Periodic Reporting for period 2 - FERTINNOWA (Transfer of INNOvative techniques for sustainable WAter use in FERtigated crops)
Reporting period: 2017-07-01 to 2018-12-31
The FERTINNOWA thematic network aims to support the implementation of available and new technologies. To achieve this, FERTINNOWA will collect, exchange, showcase and transfer innovative water and nutrient management solutions and best practices that improve both water and nutrient use efficiency and reduce the environmental impact of fertigated horticulture production systems.
FERTINNOWA followed the EIP-Agri “multi-actor approach”, implementing an interactive innovation model, for engaging with different stakeholders at regional, national and European level on the area of fertigated horticulture. Through our different activities, the project has gathered insights on the barriers and incentives for the adoption of innovative technologies in fertigation as well as on the needs from end-users (growers and advisors) and other stakeholders in the horticulture industry, such as researchers and technology providers. FERTINNOWA successfully managed to raise awareness and implement changes on different levels. We brought together all actors in the horticulture industry allows identifying measures to overcome the barriers that delay the adoption of research results by end-users.
The Fertigation Bible is a major deliverable of the FERTINNOWA project and bridging the knowledge gap. This positive wide reception of the Fertigation Bible provides evidence that there was a gap of knowledge beyond Europe. The book downloaded more than 1500 times. To ensure that the Fertigation Bible will be available after the end of the project, certain consortium members are hosting it on their websites.
In the T4.3 3 business models developed to investigate the market potential of OA’s Sodium Removal Unit (SRU), Water Future’s Electrodialyses and the IrriX decision support system.
WP6 in collaboration with WP5 organised showcase events at the location of the exchanged technologies. Forty showcase events were organised and attended by 1 231 growers and advisors, as well as policymakers etc.
Through our dissemination activities (103 press articles,201 events, etc) we reached more than 100 000 people.
1. Impact in growers, produce organisations and advisors
FERTINNOWA succeed to bridge the knowledge gap through several of the project outcomes. The Fertigation Bible is a major deliverable of the FERTINNOWA project and bridging the knowledge gap. The reference document can be downloaded free on our website. This positive wide reception of the Fertigation Bible provides evidence that there was a gap of knowledge beyond Europe.
WP6 and WP5 organised showcase events at the location of the exchanged technologies. As it was expected in the proposal the showcase events could help growers to uptake innovative technologies quicker and easier. These events had a big impact as several growers either implemented some of the technologies on their farm or they showed an interested to do so in the near future.
2. Technology providers
FERTINNOWA interacted with technology providers in various ways. We acted as a platform to bring together technology providers and end-users on several occasions as described below.
In the T4.3 three business models were developed to investigate in detail the market potential of OA’s Sodium Removal Unit (SRU), Water Future’s Electrodialyses and the potential of the IrriX decision support system. Except of the technologies showcased on the WP5 other technology providers contacted FERTINNOWA members to discuss their technologies. Moreover, several technology markets were organised, offering technology providers the possibility to present their innovative technologies to the broader horticultural industry.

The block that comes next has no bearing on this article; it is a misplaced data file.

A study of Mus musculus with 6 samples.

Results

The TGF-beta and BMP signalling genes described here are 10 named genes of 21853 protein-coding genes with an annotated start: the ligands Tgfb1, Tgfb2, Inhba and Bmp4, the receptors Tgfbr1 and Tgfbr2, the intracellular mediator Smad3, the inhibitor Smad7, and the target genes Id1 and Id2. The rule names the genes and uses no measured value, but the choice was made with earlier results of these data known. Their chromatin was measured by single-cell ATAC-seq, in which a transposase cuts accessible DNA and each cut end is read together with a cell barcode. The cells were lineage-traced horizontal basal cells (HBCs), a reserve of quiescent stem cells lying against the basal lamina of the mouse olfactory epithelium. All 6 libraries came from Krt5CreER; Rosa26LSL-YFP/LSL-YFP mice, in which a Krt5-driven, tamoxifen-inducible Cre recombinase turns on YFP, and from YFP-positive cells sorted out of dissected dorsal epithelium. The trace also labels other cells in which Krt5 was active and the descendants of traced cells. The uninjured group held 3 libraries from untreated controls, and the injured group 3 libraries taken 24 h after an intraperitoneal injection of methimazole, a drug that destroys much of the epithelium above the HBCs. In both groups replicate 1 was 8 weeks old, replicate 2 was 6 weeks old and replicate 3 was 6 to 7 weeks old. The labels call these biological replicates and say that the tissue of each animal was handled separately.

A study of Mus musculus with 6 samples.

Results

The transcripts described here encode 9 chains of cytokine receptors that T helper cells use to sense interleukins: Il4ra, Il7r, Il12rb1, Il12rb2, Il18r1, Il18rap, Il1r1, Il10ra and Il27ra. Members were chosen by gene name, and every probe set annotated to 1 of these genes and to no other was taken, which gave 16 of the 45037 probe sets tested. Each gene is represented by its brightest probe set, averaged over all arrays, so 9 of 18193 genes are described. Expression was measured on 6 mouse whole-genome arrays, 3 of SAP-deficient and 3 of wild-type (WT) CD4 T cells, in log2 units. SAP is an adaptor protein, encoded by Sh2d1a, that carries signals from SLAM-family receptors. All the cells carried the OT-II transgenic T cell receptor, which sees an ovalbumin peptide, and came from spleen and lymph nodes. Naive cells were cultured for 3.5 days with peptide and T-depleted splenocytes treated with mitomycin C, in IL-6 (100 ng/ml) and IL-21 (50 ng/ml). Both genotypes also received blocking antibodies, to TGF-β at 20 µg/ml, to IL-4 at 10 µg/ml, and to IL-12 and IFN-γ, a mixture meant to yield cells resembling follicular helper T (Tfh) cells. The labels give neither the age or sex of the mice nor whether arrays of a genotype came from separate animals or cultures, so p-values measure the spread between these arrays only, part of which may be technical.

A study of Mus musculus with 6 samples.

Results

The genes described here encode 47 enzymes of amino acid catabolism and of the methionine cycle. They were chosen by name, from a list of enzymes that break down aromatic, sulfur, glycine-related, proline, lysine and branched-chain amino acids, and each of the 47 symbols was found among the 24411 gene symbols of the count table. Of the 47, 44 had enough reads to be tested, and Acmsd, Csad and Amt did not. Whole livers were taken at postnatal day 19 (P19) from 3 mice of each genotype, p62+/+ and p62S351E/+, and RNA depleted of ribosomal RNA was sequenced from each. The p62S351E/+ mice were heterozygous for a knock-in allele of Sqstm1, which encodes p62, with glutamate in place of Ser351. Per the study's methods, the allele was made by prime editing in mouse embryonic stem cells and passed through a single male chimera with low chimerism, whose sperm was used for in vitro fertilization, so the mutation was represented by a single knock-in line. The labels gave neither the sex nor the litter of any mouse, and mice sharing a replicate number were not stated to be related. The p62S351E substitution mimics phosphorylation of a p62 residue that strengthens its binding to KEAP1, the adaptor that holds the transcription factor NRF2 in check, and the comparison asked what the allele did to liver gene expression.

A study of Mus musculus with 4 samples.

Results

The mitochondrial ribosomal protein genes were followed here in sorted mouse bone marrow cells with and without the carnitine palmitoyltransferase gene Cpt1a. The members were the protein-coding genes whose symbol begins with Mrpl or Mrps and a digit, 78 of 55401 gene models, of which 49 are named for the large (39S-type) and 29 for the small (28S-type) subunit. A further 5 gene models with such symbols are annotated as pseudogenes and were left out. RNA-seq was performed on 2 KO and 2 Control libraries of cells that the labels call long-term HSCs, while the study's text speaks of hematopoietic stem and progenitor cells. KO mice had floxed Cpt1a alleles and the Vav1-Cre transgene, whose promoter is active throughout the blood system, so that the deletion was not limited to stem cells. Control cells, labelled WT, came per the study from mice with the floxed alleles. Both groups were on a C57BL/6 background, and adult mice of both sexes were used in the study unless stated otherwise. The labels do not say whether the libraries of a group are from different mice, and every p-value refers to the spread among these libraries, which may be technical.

3. Research community
The information flow between academia and practitioners in agriculture was improved by using a bottom-up approach in which the needs for further research on particular areas were identified. In the framework of T4.2 a series of new technologies were scouted for their potential to solve remaining gaps identified in T4.1. A broad range of technologies was identified. Most of these technologies still require further research and demonstration before the technologies can be applied in the fertigated sector. Further research and demonstration initiatives are required to support this technology transfer.
Barriers for the adoption of innovating technologies are not only related to economic reasons but as well and to the political strategies that varying noteworthy throughout Europe. Differences were mainly perceived between North-Western and South-Eastern Europe also reflected by societal demands and interests. The role of the European Union and its political decisions were considered essential for the future development of sustainable horticulture. Public authorities and/or bodies are called to play a role through different approaches. The consortium members interacted with the policymakers at different levels and tried to inform decisions whenever the opportunity aroused.
5. Social impact
The social-economic dimension was also studied, by carrying out a thorough description of end-users needs, while identifying the factors obstructing acceptance of innovative technologies, allowing end-users to directly assess the technologies in the metaknowledge database for a greater user acceptance of them. However, our findings suggest that face to face interactions and hands-on demonstrations would encourage easier the adoption of innovative technologies.
Growers and advisors demand more empirical based evidence about the economic benefits of using such technologies in yield performance and on a more efficient use of inputs. For such evidence to be successful in engaging farmers the community would welcome more in-field evidence and demonstration. FERTINNOWA facilitate this through the WP5 and WP6 demonstrations.